Subprime Fiasco no Coincidence

Does it seem important to anyone else that banks, realtors, and insurance lobbied so strongly for deregulation and greater independence from government scrutiny? It does not seem coincidental that the mortgage products failing so miserably in 2006 and 2007 were not even available to borrowers until late 2004 and 2005. Option ARMs, low doc/no doc, stated income, were not available until after consumer protection was restricted in the best interest of the financial institutions.

The Bankruptcy Abuse Prevention and Consumer Protection Act passed April 20, 2005. Mandatory Binding Arbitration became the standard for protecting the business from consumer originated lawsuit. Class Action Reform passed February 18, 2005.

In a speech by President Bush, “By restoring integrity to the bankruptcy process, this law will make our financial system stronger and better. By making the system fairer for creditors and debtors, we will ensure that more Americans can get access to affordable credit.” He was half right. The financial system got stronger, for a while and after the sub-prime fiasco it has become obvious that more Americans got access to credit. Was it affordable? Considering mortgage products with introductory teaser rates, fees charged by mortgage brokers, the lack of government oversight, and weak consumer protection, the is NO.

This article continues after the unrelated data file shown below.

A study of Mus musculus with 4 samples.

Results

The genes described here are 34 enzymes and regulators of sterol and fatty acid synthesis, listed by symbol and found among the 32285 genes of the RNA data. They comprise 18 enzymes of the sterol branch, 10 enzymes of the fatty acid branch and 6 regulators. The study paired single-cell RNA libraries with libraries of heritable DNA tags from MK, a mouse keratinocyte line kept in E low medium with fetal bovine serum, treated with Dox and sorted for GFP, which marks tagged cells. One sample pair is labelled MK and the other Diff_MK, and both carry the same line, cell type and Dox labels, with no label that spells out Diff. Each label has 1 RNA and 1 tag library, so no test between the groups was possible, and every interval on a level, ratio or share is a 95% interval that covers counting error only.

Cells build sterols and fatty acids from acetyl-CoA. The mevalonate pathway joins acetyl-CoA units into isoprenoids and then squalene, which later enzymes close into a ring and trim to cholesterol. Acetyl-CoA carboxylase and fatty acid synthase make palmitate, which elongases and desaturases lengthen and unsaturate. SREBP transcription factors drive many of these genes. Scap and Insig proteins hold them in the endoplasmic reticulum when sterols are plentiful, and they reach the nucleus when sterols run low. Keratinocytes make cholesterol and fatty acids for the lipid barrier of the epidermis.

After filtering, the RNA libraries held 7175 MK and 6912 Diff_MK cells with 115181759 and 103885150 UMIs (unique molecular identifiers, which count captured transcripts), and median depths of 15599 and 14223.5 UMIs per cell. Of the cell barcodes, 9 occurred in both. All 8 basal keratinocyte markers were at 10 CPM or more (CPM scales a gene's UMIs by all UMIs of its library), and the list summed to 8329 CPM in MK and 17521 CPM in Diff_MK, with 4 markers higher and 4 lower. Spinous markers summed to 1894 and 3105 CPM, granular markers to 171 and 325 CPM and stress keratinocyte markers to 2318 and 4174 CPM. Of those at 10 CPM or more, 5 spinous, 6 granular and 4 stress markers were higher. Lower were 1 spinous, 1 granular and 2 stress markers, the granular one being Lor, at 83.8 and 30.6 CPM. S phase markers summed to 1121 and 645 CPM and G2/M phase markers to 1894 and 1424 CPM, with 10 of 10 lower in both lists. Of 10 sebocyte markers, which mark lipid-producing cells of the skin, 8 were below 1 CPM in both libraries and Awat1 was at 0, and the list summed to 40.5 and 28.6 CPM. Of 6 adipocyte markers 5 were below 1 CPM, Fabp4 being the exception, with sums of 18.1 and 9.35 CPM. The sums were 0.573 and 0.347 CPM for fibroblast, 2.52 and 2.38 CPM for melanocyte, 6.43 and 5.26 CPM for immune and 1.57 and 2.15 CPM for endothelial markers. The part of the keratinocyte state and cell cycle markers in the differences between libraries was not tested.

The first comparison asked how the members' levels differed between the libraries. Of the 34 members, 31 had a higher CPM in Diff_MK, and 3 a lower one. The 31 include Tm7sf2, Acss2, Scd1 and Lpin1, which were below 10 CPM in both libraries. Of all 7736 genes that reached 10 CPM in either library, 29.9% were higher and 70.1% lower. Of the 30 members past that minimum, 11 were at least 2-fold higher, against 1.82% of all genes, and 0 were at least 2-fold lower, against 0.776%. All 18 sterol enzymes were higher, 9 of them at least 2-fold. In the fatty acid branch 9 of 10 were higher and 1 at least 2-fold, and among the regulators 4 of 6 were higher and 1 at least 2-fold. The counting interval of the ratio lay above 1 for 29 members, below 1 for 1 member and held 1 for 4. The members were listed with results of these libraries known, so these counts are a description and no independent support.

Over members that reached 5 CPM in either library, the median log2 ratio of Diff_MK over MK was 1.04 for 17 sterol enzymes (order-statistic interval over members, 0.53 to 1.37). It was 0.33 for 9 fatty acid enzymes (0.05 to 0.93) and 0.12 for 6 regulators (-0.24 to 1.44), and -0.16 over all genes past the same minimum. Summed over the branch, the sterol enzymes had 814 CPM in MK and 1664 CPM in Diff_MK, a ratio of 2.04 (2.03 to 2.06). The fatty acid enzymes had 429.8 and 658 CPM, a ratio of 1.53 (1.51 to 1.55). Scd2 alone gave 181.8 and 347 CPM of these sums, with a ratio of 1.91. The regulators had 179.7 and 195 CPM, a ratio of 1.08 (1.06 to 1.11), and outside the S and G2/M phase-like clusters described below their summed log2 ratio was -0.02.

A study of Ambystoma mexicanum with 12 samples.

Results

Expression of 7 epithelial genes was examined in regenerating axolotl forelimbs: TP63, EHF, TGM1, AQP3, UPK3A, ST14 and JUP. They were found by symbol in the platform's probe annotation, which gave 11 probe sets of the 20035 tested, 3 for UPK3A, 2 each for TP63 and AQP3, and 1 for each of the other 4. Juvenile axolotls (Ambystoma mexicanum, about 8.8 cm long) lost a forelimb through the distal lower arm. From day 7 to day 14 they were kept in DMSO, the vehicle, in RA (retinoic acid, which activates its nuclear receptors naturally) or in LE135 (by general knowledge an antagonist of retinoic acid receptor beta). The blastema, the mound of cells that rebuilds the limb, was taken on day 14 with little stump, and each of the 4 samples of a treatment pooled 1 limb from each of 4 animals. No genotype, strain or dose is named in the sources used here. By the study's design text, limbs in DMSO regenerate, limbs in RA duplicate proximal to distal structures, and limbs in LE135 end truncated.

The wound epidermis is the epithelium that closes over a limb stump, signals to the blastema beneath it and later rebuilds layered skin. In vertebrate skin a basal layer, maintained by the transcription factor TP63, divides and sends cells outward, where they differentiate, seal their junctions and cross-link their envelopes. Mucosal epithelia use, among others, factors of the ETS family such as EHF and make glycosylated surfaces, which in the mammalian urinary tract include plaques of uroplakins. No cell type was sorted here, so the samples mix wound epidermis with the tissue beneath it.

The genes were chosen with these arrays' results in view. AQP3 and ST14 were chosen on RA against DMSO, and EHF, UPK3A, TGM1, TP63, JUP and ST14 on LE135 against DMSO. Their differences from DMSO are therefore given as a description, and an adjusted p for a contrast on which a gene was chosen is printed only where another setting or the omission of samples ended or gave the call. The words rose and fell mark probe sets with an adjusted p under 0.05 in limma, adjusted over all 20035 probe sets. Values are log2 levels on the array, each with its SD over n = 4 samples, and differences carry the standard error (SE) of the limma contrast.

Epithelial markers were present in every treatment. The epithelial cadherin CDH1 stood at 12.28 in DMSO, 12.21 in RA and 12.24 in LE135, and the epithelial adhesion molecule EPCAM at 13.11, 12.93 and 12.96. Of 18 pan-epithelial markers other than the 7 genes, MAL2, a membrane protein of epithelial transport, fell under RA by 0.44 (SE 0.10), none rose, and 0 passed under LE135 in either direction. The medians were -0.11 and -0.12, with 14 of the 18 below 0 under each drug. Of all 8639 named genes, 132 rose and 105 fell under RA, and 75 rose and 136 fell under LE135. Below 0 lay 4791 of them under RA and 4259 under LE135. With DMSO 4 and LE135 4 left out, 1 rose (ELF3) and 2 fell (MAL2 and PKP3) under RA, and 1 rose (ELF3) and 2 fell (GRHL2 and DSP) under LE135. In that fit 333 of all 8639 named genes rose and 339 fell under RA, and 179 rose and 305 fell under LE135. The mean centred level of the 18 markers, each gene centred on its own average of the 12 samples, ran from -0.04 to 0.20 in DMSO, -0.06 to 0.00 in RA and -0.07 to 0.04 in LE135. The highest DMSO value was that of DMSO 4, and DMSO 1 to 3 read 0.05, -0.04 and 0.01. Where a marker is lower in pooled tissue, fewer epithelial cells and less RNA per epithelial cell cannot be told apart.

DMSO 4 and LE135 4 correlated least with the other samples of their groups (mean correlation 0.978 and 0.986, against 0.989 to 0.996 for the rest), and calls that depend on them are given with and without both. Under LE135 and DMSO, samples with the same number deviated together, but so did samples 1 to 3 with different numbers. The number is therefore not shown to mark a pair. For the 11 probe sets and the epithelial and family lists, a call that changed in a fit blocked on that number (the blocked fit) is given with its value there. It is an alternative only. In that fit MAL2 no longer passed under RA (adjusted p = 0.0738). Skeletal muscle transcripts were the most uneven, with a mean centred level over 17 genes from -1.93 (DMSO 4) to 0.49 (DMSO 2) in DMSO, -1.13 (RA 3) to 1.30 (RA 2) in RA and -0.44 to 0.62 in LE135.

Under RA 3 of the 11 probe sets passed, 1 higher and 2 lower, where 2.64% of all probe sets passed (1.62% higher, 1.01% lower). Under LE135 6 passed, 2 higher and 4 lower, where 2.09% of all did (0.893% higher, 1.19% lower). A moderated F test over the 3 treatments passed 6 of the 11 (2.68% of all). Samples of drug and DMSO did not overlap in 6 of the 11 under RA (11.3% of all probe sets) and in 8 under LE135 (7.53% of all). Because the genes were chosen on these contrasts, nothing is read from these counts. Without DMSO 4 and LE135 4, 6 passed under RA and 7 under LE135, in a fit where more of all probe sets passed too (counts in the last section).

Most of the protective measures in place benefit the creditors. The borrower can’t sue and bankruptcy has become such an expensive option if you can afford to file, you can probably afford to pay your debts. Most advice currently available from government agencies and financial institutions recommend the property owner negotiate directly with the lender for mortgage modification or short sale before allowing foreclosure or filing bankruptcy.